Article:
By March 14, 2017December 29th, 2021VA Disability

Our client “John Doe,” was initially denied 100 percent disability for PTSD after his military service on the grounds that his mental health problems were not service-related.  Although on the surface John’s problems may have appeared to be unrelated to his service, Jeffrey Freedman Attorneys, PLLC, was able to prove they were.

“John had a disturbing story.  He was abused as a child and as a result, encountered a medical problem until he was in his teens,” said Jeffrey Freedman, managing attorney.  “When he was in the service, after being unable to complete a specified number of push-ups, which caused his unit to be punished with extra training, they decided to retaliate.

“They held what they call a ‘blanket party,’ where he was badly beaten.  After the beating his childhood medical problem returned and he eventually was given an early discharge.”

When John returned to civilian life, he developed problems with the law, getting into multiple fights and suffering head injuries from being hit with crowbars and baseball bats.  The Department of Veterans Affairs denied John’s PTSD claim because they believed it was a post-service condition.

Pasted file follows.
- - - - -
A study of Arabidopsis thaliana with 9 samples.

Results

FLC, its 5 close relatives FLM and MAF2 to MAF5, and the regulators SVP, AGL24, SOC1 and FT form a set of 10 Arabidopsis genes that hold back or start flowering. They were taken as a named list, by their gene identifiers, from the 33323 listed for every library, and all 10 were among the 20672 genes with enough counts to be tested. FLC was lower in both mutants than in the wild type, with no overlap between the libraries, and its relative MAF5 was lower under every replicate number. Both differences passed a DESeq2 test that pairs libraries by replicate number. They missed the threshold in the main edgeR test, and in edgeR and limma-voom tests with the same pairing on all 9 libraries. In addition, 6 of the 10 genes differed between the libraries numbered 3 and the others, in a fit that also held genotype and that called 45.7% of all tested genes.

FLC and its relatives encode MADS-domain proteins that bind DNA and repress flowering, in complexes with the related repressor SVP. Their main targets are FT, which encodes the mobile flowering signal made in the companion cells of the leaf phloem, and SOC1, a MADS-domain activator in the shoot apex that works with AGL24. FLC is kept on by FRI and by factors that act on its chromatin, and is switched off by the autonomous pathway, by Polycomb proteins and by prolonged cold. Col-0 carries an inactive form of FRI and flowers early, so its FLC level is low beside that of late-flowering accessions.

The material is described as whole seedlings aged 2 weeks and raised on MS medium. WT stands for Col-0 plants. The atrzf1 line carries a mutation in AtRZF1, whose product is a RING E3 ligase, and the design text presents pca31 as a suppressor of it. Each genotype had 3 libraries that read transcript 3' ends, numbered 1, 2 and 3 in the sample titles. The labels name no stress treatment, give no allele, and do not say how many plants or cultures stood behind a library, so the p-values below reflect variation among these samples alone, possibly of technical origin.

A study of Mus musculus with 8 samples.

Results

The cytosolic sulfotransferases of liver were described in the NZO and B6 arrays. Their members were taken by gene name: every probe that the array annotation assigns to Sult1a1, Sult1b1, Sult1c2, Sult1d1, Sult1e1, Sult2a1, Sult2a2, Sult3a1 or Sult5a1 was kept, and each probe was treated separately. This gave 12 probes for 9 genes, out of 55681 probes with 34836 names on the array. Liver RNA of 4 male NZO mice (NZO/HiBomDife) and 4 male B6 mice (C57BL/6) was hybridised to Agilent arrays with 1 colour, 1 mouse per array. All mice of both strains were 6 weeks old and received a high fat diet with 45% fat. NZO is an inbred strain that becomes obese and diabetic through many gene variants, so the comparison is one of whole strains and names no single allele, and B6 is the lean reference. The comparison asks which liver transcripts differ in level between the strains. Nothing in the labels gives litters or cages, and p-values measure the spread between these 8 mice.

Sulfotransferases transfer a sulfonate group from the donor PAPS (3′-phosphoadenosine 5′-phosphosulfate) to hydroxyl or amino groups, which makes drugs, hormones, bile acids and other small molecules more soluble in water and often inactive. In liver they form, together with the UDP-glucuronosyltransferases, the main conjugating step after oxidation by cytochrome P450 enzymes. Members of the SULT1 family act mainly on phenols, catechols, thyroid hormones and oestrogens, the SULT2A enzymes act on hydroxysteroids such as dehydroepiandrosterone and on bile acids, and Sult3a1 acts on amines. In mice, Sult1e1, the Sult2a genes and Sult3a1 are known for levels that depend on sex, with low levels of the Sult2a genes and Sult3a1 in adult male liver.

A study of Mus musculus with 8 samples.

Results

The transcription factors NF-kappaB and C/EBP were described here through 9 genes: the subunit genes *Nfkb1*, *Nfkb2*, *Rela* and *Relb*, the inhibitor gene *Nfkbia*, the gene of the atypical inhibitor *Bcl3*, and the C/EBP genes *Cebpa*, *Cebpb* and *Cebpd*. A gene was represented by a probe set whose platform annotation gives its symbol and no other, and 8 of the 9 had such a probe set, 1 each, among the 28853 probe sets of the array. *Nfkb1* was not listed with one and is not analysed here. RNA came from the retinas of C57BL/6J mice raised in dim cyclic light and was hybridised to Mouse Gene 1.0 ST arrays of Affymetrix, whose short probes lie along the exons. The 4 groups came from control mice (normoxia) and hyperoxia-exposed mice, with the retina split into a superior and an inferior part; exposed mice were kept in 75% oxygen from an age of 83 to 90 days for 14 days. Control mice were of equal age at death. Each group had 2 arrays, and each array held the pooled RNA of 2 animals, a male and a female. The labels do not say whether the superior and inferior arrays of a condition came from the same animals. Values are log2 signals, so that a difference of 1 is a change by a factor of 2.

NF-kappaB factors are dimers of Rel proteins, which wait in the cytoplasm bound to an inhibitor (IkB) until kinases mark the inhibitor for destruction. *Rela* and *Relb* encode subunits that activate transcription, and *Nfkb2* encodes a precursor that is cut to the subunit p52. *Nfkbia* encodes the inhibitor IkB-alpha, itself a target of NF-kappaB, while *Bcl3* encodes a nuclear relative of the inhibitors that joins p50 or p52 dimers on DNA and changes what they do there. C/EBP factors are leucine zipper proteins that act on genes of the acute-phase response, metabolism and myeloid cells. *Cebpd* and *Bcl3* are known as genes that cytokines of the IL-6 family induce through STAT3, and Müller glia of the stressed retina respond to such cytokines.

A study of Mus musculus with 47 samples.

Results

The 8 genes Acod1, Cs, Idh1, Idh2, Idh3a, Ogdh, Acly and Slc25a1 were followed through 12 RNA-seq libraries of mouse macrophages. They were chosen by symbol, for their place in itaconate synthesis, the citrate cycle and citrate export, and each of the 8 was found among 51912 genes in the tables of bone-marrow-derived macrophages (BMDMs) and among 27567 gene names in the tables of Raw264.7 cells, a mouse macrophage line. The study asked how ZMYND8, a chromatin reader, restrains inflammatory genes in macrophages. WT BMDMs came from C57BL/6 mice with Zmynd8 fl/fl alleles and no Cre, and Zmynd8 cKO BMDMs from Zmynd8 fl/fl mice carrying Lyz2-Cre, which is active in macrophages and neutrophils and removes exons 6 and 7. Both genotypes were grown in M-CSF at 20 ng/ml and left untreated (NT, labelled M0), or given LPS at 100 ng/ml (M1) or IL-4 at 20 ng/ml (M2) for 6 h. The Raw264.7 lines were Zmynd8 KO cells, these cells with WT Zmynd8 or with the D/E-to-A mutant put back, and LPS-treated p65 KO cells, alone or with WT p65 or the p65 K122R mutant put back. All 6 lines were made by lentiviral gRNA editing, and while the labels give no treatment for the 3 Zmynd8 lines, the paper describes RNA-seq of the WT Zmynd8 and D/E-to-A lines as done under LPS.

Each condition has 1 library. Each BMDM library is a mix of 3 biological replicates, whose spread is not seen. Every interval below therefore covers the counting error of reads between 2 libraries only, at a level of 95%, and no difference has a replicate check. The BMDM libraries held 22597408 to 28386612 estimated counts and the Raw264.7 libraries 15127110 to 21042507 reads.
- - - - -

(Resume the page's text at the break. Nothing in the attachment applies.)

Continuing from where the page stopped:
“Under appeal, we showed that John’s trouble with the law was a symptom of impaired judgment resulting from the PTSD related to his time in service,” Freedman said. “We took his case to the Board of Veterans Appeals, and the Buffalo Regional Benefits Office granted John a rating of 100 percent.  We were able to obtain an award of $116,938 in retroactive pay.”

John says his experience with the law firm, particularly Eric Gang, the attorney who worked on his case, was completely positive.

“Eric and the people working with him were totally responsive to all of my calls and emails.  He’s an awesome person,” John said. “I would advise any Veteran who is having trouble getting disability that you absolutely have to have a lawyer.  The VA has people who are supposed to be trained to help, but 40 hours of training is not enough.”

“I’ve heard some horror stories, but because of Jeffrey Freedman’s office, I had a really good experience.”